Does It Give You Tingles or The Heebie-Jeebies? The Rise and Rise of ASMR

ASMR – short for Autonomous Sensory Meridian Response – is somewhat of a hidden but burgeoning online phenomenon. It’s basically an experience, triggered by a unique set of sounds and potentially visuals that gives the listener a static-like sensation, going from their scalp and go down their neck and back. Rather similar to the hairs on the back of your neck rising.

In its current online form, ASMR is tapping into the triggers and tingles that induce relaxation, and is often used to help people fall asleep. Some swear by it as a useful methodology, but others are less convinced. We gathered some audience insights to find out more.

ASMR is bigger than you’d expect

A simple YouTube search reveals a whopping 10.6 million videos under the category. For context, Arsenal Football Club has 7.2 million results, and Jeremy Corbyn just 300k.

Given the magnitude of the latter two subjects, that alone tells you how large ASMR is online. Indeed, the top “ASMRtists” have hundreds of thousands of subscribers on YouTube, and now almost a cult following.



Here’s one of the top results found in Autumn of 2017. We can clearly see that these ‘experiences’ now have a narrative which has grown way beyond role play and visual context of the video is a major factor in the overall experience.


As ASMR has attained more and more press coverage – with articles and stories being published by the likes of the BBC, Guardian and New York Times – there has inevitably been more searching of it; as evidenced by the following Google Trends data:




Social media discussion has caught up to the curiosity

A look at historical social media conversation around ASMR reveals that it was slow on the uptake compared to the people Googling the topic, but has accelerated over the past year as the online community and its audience grew:




This culminated in the massive spike in April 2017 due to #InternationalASMRDay – which gained far more traction than its previous annual instances. The first six-months of 2017 witnessed over 960k social media mentions of ASMR; compared to 800k in the entirety of 2016.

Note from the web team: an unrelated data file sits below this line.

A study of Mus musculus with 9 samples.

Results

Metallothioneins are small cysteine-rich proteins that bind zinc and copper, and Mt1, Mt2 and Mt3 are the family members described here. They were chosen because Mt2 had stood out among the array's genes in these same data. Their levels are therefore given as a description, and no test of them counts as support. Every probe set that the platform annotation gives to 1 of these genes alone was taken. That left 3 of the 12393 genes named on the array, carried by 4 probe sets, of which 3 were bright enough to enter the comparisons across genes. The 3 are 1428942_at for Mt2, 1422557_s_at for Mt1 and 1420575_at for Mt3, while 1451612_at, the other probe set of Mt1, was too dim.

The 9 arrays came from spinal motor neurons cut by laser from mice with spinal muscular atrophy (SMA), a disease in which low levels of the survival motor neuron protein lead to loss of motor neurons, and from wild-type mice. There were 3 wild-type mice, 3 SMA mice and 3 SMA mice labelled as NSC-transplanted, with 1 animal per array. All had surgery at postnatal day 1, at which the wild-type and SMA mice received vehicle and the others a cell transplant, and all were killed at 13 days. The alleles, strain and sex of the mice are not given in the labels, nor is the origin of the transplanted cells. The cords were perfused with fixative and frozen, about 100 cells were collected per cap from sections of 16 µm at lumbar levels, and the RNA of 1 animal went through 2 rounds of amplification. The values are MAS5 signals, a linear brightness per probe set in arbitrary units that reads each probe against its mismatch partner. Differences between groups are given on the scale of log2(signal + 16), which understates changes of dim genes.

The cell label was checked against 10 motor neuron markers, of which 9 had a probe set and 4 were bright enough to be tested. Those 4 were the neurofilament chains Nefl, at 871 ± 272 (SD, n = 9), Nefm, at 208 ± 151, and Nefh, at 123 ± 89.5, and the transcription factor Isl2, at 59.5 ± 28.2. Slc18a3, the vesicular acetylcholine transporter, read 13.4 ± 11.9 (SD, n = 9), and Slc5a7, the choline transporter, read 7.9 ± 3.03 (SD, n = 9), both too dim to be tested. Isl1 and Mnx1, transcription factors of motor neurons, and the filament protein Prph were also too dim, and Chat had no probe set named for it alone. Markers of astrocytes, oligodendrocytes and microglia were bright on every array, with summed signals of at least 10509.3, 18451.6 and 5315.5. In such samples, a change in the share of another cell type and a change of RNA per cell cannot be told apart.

Have we reached peak online ASMR?

Though the raw numbers may not show it, does the decline in the proportion of long-form conversation on blogs and forums (from 5% in 2016; to 3% in 2017) indicate that the growth of ASMR could be stagnating? Is it starting to be mentioned more in passing than discussed in-depth?

There are numerous potential explanations behind this hypothesis, with the most basic one being a desensitisation to the tingles. Simply put, if one watches too many ASMR videos, they run the risk of diminishing returns from the sensations they gain.

Another one could be that ASMR has become too mainstream, and those who fuelled its “underground” growth may no longer wish to be associated with it…especially in light of Rule 34.


Rule 34

A dig deep into online subculture reveals the “Rules of the Internet”, and Rule 34 states rather simply and crudely that:

“If it exists, there is porn of it – no exceptions.”



In nearly all the top results on YouTube for ASMR, you’d find some form of roleplay scenario or visual demonstration by the presenter that has a sexual connotation. However, those who genuinely enjoy the ASMR sound experience claim to discount the visuals and resent the idea that their attraction to the experience is anything sexual.

With regards to ASMR, this feeds strongly into the fetishisation of the category – especially given the prominence of young females as ASMRtists. Google Trends search behaviour reflects this:




This has caused much uproar within the community between the more “traditional” ASMRtists and their fans, versus those who they believe are purposely leveraging on sexuality to attain popularity.

Could it be that re-positioning ASMR as a turn-on for the casual mainstream audience may make it a turn-off for the hardcores and trigger the ultimate demise of the online phenomenon?